Amplats primed to pump cash

Company has made its painful adjustments quicker than most.

Rebuilding the credibility of public companies and their respective management teams has been a big theme of the Investing in Africa Mining Indaba 2016 thus far. There seems to be widespread recognition that the “growth at any cost” mantra of the last decade has been an unmitigated disaster from the perspective of shareholders’ wallets. That together with the sober realisation that the commodity market is not going to turn anytime soon, has put a laser-like focus on the returns being generated in the industry.

But it seems for Anglo American Platinum (Amplats) that realisation has come quicker than most. The company now appears to be past the point of having to take any more painful medicine following the announcement of results for the financial year ending December 2015. “At current prices, all of our operations are cash flow positive – with the exception of Pandora,” said CEO Chris Griffiths.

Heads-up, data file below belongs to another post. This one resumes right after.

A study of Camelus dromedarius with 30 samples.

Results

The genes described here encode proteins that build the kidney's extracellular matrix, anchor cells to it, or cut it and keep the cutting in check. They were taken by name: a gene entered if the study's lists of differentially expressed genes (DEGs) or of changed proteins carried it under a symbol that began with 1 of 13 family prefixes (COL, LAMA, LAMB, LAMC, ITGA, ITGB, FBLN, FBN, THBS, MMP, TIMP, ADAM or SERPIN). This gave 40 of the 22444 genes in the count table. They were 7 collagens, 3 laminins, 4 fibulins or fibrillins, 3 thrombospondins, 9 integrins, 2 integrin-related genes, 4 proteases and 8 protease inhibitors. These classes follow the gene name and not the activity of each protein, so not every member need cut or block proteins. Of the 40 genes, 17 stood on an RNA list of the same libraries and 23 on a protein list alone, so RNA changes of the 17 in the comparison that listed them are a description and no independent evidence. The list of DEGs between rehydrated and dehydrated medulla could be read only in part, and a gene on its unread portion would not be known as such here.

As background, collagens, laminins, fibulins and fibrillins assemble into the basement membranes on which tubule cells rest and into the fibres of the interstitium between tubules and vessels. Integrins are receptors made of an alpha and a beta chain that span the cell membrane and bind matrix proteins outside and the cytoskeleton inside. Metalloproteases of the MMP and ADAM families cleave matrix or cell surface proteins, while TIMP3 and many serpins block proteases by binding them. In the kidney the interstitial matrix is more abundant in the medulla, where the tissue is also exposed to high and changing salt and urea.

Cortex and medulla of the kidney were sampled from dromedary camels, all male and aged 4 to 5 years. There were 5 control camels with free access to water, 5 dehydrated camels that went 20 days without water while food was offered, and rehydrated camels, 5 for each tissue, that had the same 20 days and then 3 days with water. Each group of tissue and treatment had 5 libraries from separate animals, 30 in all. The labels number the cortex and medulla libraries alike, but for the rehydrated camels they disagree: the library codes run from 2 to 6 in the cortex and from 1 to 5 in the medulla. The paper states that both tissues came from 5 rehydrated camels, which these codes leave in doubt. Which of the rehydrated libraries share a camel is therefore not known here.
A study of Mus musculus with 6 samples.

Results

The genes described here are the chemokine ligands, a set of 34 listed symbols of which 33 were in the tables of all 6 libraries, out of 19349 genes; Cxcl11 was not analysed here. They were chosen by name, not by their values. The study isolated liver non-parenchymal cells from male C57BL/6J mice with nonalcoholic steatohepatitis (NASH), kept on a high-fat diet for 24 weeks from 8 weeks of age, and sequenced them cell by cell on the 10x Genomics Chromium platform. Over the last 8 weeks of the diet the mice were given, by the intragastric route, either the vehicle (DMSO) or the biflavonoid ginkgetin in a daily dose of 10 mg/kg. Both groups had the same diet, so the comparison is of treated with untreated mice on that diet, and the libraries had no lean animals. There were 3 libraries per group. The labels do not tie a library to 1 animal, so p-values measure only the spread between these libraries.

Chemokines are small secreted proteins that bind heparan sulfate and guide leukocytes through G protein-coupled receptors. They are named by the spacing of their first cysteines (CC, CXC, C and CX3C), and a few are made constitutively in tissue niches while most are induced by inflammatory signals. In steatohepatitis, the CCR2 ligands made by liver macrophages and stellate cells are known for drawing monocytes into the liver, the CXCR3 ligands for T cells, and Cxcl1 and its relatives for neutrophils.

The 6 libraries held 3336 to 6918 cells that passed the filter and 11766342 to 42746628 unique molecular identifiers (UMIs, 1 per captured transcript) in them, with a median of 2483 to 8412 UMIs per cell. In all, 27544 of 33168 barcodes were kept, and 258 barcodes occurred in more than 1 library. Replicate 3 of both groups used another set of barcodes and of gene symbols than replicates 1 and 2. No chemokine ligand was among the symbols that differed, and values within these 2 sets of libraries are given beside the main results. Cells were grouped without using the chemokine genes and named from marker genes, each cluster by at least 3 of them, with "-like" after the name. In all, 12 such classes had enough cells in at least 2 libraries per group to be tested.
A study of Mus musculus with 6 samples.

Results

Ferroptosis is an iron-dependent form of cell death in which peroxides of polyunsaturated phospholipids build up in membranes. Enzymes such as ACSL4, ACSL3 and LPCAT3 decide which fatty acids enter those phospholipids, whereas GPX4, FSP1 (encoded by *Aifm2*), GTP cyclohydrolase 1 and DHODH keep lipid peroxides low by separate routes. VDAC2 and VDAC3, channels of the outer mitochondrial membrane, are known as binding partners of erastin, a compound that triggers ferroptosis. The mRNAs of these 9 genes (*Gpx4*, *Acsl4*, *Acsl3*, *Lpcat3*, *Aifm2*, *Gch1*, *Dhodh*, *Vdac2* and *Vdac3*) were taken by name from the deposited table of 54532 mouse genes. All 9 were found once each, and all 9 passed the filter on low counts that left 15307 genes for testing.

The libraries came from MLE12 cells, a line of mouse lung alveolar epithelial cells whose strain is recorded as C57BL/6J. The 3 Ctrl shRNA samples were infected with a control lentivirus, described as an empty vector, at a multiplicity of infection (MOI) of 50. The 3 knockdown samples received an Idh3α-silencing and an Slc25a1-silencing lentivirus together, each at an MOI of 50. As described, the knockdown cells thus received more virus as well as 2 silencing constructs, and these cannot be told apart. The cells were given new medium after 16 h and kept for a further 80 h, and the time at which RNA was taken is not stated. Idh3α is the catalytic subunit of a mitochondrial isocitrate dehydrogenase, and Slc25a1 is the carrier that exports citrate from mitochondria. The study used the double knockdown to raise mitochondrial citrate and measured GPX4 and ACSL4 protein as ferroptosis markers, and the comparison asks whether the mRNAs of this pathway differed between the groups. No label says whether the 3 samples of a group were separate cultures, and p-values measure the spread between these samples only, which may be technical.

It was largely commodity prices that dictated the mammoth R14bn impairment of assets at year end, as was previously disclosed. But the company announced two other developments with regards to cleaning up its portfolio: the decision to place Twickenham mine on care and maintenance, and the decision to sell Amplats’ share of Kroondal.

While the company has halted investment in all new growth projects, its business continuity capex has not been affected. The portfolio rebalancing – which will ultimately see the Rustenburg assets transferred to Sibanye by year-end – and has also included the streamlining of operations, resulted in unit cash costs for retained assets falling 1.3% to R18 145 per PGM ounce. Capital expenditure has been trimmed, and is expected to be between R3.7bn and R4.2bn in 2016. So this is a company that has been primed to now begin pumping cash.

This should further reduce net debt, which fell from R14.6bn to R12.8bn during the course of the year. Post-impairment, investors would really like to see some healthy returns on invested capital, and Amplats appears able to do this.